Lymphedema Stages

Conditions and Disorders

What conditions and disorders affect the lymphatic system?
Many conditions can affect the various parts of your lymphatic system. Some happen during development before birth or during childhood. Others develop as a result of disease or injury. Some common diseases and disorders of the lymphatic system include:

Swollen lymph nodes (lymphadenopathy). Infection, inflammation and cancer cause swollen (enlarged) lymph nodes. Common infections that can cause enlarged lymph nodes include strep throat, mononucleosis, HIV and infected skin wounds.

Lymphadenitis refers to lymphadenopathy that’s caused by an infection or inflammatory condition.
Swelling or accumulation of fluid (lymphedema). A blockage in your lymphatic system due to scar tissue from damaged lymph vessels or nodes can cause lymphedema. It can also happen when your lymph nodes have been removed to treat a condition like cancer. With lymphedema, fluid most commonly builds up in your arms or legs. It can be very mild or quite painful and disabling. People with lymphedema are at risk for serious and potentially life-threatening deep skin infections.

Cancers of the lymphatic system.

Lymphoma is cancer of the lymph nodes that occurs when lymphocytes grow and multiply uncontrollably. There are several different types of lymphoma, including Hodgkin’s lymphoma and non-Hodgkin’s lymphoma.

Cancerous tumors can also block lymphatic ducts or be near lymph nodes and interfere with the flow of lymph through the node.
Other disorders include:


This is an inflammation of your lymph vessels.


This is a condition that you’re born with. It involves the presence of noncancerous, fluid-filled bumps (cysts) under your skin due to overgrown lymph vessels.

Intestinal lymphangiectasia.

Loss of lymph tissue in your small intestine leads to loss of protein, gamma globulins, albumin and lymphocytes.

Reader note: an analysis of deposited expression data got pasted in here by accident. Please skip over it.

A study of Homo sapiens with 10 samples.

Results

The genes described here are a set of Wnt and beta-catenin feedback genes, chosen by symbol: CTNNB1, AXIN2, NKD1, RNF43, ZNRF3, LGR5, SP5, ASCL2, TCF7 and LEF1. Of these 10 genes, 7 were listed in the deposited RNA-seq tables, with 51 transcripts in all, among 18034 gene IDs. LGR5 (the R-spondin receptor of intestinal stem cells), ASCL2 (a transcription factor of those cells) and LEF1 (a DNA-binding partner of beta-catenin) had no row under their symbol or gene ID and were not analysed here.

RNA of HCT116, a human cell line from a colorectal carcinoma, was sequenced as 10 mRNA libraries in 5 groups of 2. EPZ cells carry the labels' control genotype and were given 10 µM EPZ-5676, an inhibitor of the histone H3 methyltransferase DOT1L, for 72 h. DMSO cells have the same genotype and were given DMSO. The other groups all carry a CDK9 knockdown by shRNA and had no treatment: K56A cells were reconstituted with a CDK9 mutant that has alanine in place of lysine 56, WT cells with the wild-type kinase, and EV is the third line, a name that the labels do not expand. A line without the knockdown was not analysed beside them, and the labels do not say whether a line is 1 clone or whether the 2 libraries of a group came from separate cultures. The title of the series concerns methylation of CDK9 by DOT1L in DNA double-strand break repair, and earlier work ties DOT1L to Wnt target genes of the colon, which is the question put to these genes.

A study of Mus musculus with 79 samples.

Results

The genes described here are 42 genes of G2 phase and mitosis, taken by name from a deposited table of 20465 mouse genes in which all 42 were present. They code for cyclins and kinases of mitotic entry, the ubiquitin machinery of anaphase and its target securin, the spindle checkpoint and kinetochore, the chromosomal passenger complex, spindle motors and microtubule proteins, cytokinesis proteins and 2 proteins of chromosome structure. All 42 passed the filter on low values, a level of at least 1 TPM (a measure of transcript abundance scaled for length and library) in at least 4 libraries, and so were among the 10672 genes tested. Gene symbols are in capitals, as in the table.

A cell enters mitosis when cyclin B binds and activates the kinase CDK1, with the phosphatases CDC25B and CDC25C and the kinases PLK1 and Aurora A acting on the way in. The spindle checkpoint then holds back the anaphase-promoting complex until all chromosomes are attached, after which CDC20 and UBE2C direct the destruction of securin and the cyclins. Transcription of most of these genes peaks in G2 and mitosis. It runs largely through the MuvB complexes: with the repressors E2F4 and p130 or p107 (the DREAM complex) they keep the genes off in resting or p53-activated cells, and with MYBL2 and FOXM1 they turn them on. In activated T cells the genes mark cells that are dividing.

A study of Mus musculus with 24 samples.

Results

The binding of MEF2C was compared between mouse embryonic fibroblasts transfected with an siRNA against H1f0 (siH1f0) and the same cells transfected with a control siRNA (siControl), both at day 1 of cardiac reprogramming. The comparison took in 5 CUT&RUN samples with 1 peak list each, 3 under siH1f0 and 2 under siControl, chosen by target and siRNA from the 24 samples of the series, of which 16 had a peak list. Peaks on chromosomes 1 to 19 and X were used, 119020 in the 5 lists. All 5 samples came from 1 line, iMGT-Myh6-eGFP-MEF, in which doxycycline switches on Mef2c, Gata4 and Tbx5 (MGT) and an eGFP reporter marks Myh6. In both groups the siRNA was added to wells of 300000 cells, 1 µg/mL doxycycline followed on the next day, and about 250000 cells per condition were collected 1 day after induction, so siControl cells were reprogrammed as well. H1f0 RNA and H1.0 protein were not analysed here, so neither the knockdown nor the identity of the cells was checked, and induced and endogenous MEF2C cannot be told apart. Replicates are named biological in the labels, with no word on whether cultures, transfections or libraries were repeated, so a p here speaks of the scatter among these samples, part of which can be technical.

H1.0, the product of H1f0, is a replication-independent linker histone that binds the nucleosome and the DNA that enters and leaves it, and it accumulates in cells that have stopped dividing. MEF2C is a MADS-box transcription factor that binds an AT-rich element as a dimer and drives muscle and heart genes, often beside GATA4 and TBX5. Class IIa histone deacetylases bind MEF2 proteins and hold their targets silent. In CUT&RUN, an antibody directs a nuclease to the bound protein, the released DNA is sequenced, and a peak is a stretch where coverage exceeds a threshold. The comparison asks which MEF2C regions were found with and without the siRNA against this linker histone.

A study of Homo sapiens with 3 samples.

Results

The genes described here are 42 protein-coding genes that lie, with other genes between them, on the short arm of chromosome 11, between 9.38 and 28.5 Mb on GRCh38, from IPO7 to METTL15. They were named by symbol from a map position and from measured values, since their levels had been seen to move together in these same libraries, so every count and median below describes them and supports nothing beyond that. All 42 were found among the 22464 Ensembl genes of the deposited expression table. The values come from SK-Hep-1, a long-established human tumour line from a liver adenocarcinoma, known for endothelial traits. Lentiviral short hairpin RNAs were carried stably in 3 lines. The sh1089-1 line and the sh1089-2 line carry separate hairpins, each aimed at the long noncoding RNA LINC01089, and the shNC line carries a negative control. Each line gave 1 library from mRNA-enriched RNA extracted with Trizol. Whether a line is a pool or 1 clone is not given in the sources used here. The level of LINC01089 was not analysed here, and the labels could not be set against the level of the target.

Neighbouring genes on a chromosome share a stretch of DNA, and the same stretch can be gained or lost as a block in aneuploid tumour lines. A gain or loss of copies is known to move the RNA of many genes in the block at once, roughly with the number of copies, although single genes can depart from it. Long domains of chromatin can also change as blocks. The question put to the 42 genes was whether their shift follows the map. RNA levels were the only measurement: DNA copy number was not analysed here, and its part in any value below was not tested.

With this condition, there’s a higher-than-normal amount of lymphocytes in your body.
Lymphatic filariasis. This is a parasitic infection that causes the lymphatic system to malfunction.

Castleman disease. Castleman disease involves an overgrowth of cells in your body’s lymphatic system.

Lymphangioleiomyomatosis. This is a rare disease in which abnormal muscle-like cells begin to grow out of control in your lungs, lymph nodes and kidneys.

Autoimmune lymphoproliferative syndrome. This is a rare genetic disorder in which there’s a high number of lymphocytes in your lymph nodes, liver and spleen.
Mesenteric lymphadenitis. This is an inflammation of the lymph nodes in your belly (abdomen).

Lymphedema and lymphatic disorders refer to diseases that affect the lymphatic system — the network of tissues, vessels, and organs that move a specific fluid called lymph throughout the body. They occur when the lymphatic system is damaged or blocked, preventing lymph from circulating normally.

Left untreated, these disorders can cause pain, itching, swelling, and other complications such as skin infections.

Treatment for lymphedema and lymphatic disorders will depend on your diagnosis, stage of lymphedema, and related medical problems. Treatment may include manual lymphatic therapies, compression bandaging, therapeutic exercise, compression garments pneumatic pumps, dietary management, or surgery.

The most common lymphatic disease is lymphedema. It is swelling of a body part caused by a lymphatic fluid buildup in the tissues. Lymphedema most often occurs in the arms and legs, but it can also affect the head, chest, breast, abdomen, and genitals. Lymphedema occurs when a blocked or damaged lymphatic system causes fluid to build up in the limbs, and lymph can’t flow through the body as normal. Lymphedema is the most common lymphatic and venous disorder.

Depending on your diagnosis, you may require treatment from:

  • physical and occupational therapists
  • physical medicine and rehabilitation specialists
  • a team dedicated to treating cancer-related lymphedema

Lipedema causes excess fat to collect in the lower half of the body, primarily in the buttocks, thighs, and calves. It mainly affects women and typically runs in families.